BY: Dan Delagrange | Mar 1, 2017

Carpet Cleaner Vac Cleaning Carpet

Carpet cleaning seems pretty simple: rinse, scrub, rinse, dry, and presto—carpets that look like new. Right? After all, nearly two thirds of people decide to take on the chore themselves. Unfortunately, that doesn't mean that same two thirds might also be kicking themselves when instead of clean carpets, all they have to show for a weekend of work is a dingy, soppy mess. I talked to David Dotan of Chicago Carpet Care, one of the city's top carpet cleaners, to learn why getting a pro to clean your carpets can potentially save you from the horror of a wasted Saturday.

It's simple, really: they'll save you time.

More often than not, it'll only take a professional team a couple of hours to get everything done. "I would say the average two-bedroom apartment covered with carpet—which means two bedrooms, a living room, and a small hallway—should take anywhere between one to two hours for everything," David says. That includes the carpet-cleaning services that happen before the cleaning itself, such as setting up equipment and conducting a pre-wash and a pre-vacuum.

Doing this on your own, though? Expect a long day of work, according to David. "You're going to spend, I want to say, double the amount of time [as you would with hiring a professional]." But how do they save you time? Well, there are a few key ways.

They use equipment you're unlikely to find on your own.

Carpet Cleaning Professional

The steam vacuum in your closet probably isn't gonna cut it when it comes to getting a professional level of deep, lasting clean, according to David. "None of our equipment most people have access to," he says, explaining that his team will sometimes use tools that cost nearly $70,000 on a job. "There's no chance you can get the same result [on your own]."

They might be the only ones who know how to clean your carpet.

Depending on the material you're working with, you might not have any choice but to call in an expert. Along with wool, carpets made from sisal fibers should be handled by the pros. "If someone has a sisal carpet in their home, they must call a professional. They cannot even try to touch it with water," David explains. This applies even if sisal isn't used wall-to-wall. "Either way, if it's an area rug or if it's wall-to-wall carpeting," he reiterates, "they must call a professional." And since your carpet may not come with a care label like your favorite blazer, it's better to err on the side of caution.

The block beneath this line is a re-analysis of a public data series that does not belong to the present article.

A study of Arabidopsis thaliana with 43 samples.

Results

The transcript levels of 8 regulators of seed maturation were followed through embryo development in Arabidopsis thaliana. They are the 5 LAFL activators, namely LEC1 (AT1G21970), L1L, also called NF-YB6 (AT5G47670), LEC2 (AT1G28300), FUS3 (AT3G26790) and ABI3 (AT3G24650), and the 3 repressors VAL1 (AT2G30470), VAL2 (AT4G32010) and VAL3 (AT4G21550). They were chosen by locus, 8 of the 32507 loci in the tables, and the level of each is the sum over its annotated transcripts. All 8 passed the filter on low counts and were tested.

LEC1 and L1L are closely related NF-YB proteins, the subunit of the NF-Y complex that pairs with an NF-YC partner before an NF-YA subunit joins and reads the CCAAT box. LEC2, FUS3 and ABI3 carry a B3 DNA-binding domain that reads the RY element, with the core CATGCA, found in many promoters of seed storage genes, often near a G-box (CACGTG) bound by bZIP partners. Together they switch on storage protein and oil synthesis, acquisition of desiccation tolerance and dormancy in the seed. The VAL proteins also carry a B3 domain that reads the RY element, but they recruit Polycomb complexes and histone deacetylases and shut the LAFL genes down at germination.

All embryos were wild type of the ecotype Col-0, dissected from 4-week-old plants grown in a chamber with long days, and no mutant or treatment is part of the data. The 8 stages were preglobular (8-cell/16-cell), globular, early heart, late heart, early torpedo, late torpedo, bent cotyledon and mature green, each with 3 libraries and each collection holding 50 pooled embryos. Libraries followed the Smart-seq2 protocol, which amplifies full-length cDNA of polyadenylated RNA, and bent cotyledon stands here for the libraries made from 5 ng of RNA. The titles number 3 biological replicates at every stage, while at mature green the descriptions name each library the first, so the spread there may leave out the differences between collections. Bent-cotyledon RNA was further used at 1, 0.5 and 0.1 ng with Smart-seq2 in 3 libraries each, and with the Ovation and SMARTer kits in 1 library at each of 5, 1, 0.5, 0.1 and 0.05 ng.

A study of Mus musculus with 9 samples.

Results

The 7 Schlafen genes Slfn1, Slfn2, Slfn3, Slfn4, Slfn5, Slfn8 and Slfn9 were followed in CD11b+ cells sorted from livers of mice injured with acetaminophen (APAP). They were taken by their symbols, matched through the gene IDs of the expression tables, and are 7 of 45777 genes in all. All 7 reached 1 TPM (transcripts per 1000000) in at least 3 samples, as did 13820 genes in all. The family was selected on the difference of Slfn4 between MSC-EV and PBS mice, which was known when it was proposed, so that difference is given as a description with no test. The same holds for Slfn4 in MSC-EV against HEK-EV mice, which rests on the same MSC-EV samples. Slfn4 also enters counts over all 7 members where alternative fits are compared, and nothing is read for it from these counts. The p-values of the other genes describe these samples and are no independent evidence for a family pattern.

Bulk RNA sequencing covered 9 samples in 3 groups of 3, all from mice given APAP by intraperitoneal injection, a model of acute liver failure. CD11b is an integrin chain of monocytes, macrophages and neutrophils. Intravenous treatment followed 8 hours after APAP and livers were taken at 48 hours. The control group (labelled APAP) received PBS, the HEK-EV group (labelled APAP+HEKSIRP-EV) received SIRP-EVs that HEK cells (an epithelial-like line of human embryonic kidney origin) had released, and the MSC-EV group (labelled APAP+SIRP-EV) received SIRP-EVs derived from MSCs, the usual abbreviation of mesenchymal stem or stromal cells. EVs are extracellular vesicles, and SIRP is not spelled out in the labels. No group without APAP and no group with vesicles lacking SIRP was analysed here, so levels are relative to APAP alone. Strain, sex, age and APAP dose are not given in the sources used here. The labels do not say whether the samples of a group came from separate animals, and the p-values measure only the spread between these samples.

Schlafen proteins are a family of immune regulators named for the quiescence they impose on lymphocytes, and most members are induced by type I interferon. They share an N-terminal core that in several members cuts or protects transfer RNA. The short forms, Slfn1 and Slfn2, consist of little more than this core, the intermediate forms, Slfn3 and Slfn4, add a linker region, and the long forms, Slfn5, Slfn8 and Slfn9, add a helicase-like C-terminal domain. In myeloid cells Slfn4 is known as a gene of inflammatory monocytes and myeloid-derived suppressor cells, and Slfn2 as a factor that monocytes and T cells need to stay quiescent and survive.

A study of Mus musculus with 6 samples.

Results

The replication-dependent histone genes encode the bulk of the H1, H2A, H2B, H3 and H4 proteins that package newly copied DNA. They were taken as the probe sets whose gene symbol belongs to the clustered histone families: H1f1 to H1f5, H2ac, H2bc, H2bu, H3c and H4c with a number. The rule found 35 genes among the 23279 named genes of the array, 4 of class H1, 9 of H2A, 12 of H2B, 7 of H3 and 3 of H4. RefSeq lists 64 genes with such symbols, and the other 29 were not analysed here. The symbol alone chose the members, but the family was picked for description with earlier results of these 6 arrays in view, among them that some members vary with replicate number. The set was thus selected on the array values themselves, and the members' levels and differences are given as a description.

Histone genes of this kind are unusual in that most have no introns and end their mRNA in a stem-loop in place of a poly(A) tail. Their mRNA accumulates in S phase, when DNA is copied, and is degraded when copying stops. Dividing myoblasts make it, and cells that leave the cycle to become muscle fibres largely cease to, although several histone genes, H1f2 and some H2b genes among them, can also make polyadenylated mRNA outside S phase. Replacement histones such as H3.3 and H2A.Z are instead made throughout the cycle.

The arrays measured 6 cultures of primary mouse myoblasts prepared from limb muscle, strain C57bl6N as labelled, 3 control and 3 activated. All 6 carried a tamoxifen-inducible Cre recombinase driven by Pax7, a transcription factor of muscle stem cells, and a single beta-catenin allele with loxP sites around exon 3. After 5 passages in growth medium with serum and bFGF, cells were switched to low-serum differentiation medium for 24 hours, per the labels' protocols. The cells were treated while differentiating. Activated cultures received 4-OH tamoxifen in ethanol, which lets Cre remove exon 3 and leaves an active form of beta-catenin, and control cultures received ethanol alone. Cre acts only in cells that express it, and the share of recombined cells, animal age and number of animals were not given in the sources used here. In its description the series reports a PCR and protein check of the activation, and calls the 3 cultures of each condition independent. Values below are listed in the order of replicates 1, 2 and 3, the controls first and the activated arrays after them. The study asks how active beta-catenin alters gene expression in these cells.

They can clean virtually any stain.

A Tough Stain From Spilled Coffee

Outside of bleach, which technically isn't even a stain (it's a discoloration), there's almost no blot or blemish too tough for a pro to get out. While David admits that "blood is extremely difficult to get out," he says that just about everything else is manageable.

They clean things you didn't even know needed cleaning.

Big stains from spilled food or tracked-in dirt are usually easy to spot, but it's the slow buildup of dust and grit that's more difficult to catch and clean by yourself. For example, wall-to-wall carpeting has a nasty tendency to create a stubborn line of grime near the molding and walls it touches, David says. "That's also one of the most difficult things to get out," he adds.

Something else you could easily be overlooking? "Pet stains," David says. Through the use of special UV lights and glasses—more tools you're unlikely to find just lying around in your house—his team has frequently come across accidents that have gone undetected by pet owners.

Carpet-Cleaning Services

They know how to clean carpet better than you do.

This kind of goes without saying, but there's a reason carpet-cleaning professionals are paid for this and you aren't (unless, you know, you're one of them). David's been on upward of 20,000 jobs in his more than 10 years of carpet cleaning. While you can still get an acceptably cleaned carpet by yourself, you're not likely to completely make up for that level of expertise, even with extra elbow grease.